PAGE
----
Revisiting the Aviation Safety vs. Networking discussion

George Bonser gbonser at seven.com
Thu Dec 24 20:27:37 CST 2009


> -----Original Message-----
> From: Dobbins, Roland
>
> On Dec 25, 2009, at 7:01 AM, Michael Dillon wrote:
> 
> > It would be interesting to see what others have to say about this
> answer.
> 
> I think it's a pretty accurate summation of how these things work in a
> lot of big organizations, all over the world.


I think that one must keep in mind that there are two kinds of
check-lists.  There is a takeoff list where you can always choose to go
back to the ramp and fly another day if something doesn't check out but
there is a different priority when someone is already in the air and
something goes wrong.  You can't decide to land a different day.  In
that case you must rely on experience and knowledge to handle the
situation as it presents itself.  Sure, you can have some basic checks
for things even in an emergency but you can't know how the problem is
going to present itself ahead of time.  In cases like that you have set
of general parameters but the person "at the controls" needs to have
leeway to both clearly identify the nature of the problem and mitigate
the same if possible and that might include calling in some extra eyes
in order to identify things that might be going on with applications or
other devices that aren't specifically network gear.

So you can put a lot of process around changes in advance but there
isn't quite as much to manage incidents that strike out of the clear
blue.  Too much process at that point could impede progress in clearing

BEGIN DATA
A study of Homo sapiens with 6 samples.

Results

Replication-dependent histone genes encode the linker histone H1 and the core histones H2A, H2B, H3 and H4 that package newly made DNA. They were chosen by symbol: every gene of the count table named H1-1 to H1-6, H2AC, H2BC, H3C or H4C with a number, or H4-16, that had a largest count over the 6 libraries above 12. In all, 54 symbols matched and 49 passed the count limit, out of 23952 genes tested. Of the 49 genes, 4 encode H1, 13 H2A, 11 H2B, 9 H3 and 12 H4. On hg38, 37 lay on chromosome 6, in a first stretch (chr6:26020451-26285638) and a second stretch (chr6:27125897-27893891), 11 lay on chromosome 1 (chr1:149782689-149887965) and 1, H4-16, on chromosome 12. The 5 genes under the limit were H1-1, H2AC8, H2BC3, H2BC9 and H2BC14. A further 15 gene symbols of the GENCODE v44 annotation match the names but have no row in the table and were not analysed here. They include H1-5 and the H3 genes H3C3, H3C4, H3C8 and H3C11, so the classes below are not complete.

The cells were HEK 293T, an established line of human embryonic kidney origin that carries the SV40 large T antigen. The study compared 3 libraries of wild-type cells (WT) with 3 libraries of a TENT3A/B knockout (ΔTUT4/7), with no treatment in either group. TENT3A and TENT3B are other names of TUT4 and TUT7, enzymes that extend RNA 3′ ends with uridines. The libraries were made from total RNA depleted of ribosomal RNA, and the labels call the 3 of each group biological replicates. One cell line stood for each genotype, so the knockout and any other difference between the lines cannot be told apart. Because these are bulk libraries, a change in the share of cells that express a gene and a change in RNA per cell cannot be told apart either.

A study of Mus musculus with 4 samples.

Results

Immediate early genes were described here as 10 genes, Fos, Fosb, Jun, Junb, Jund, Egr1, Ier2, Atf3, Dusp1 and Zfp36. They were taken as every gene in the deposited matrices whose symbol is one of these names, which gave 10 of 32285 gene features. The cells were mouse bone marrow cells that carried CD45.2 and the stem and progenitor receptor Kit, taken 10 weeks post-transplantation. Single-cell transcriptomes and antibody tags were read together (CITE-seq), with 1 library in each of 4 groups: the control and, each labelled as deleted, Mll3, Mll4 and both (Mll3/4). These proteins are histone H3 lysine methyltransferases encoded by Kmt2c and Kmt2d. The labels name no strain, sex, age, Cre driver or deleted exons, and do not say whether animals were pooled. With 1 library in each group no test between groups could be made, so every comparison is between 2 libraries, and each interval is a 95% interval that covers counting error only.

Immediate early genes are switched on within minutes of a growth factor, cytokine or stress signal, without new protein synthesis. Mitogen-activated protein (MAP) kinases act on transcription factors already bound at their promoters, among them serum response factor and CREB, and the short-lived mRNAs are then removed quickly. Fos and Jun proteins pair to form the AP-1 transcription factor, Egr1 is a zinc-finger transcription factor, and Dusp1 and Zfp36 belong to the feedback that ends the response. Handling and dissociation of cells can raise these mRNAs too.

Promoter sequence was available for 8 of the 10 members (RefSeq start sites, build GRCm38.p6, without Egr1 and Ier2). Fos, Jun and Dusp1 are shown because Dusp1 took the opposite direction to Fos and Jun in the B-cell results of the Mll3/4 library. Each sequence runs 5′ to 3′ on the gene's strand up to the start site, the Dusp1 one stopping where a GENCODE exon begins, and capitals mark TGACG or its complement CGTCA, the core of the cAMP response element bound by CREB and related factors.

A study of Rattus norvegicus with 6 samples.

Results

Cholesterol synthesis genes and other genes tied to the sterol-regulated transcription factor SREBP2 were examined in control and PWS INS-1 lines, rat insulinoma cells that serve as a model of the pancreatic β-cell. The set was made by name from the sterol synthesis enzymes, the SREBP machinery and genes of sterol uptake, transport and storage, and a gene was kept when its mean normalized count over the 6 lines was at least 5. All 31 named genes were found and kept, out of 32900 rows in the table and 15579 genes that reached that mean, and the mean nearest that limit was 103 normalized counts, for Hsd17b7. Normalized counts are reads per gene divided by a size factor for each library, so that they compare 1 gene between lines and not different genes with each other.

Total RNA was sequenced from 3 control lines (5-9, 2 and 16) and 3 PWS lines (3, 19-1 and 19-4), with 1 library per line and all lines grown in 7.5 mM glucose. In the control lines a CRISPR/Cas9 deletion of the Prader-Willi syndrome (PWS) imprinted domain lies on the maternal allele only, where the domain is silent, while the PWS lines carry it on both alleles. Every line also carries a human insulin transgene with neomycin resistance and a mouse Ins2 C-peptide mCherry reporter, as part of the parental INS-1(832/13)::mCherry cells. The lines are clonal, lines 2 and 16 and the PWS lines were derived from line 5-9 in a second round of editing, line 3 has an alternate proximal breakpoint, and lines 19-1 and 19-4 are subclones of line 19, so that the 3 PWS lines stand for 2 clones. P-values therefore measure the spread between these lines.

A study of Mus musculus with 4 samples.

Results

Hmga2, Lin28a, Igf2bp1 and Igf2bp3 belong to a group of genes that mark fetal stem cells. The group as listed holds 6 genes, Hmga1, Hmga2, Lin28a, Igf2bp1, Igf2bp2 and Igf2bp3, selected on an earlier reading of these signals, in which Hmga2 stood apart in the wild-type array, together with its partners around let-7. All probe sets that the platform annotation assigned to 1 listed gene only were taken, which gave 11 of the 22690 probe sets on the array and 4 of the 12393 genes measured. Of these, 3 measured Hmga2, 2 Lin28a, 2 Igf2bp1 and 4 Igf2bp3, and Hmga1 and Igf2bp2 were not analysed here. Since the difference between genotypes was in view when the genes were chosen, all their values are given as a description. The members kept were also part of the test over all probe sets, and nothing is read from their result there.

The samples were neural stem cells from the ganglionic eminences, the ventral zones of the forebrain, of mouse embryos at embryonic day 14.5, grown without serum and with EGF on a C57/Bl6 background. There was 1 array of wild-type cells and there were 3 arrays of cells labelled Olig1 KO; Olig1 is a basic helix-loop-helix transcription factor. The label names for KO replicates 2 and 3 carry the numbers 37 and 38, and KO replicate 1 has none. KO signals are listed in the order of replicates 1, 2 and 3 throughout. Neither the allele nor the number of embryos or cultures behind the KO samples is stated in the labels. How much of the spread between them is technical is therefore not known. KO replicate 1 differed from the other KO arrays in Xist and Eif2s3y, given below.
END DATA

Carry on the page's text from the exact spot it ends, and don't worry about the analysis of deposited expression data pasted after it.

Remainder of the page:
the issue.  Capt. Sullenberger did not need to fill out an incident
report, bring up a conference bridge, and give a detailed description of
what was happening with his plane, the status of all subsystems, and his
proposed plan of action (subject to consensus of those on the conference
bridge) and get approval for deviation from his initial flight plan
before he took the required actions to land the plane as best as he
could under the circumstances.  And while that is a bit extreme in the
sense of most networks in that lives are not often at stake, some
concepts are the same (and there might be networks supporting various
occupations on this planet where lives might actually be at stake in the
case of a network failure during some sort of activity).

One of the most efficient shops I worked in was when the production
internet operation was owned by the engineering department.  Corporate
operations owned the internal corporate IT, but engineering owned the
internet production data centers and network operations.  If engineering
released a code revision that blew up the network, the VP of Engineering
was responsible for the entire picture, not just the software piece.
Same is true where a networking change blew up the application.  Having
the responsibility for the entire "system" (software, hardware
platforms, and networking) under the same organization resulted in a lot
smoother operation without backbiting and greater access to and sharing
of resources between the application engineers, the systems
administrators, and the network engineers.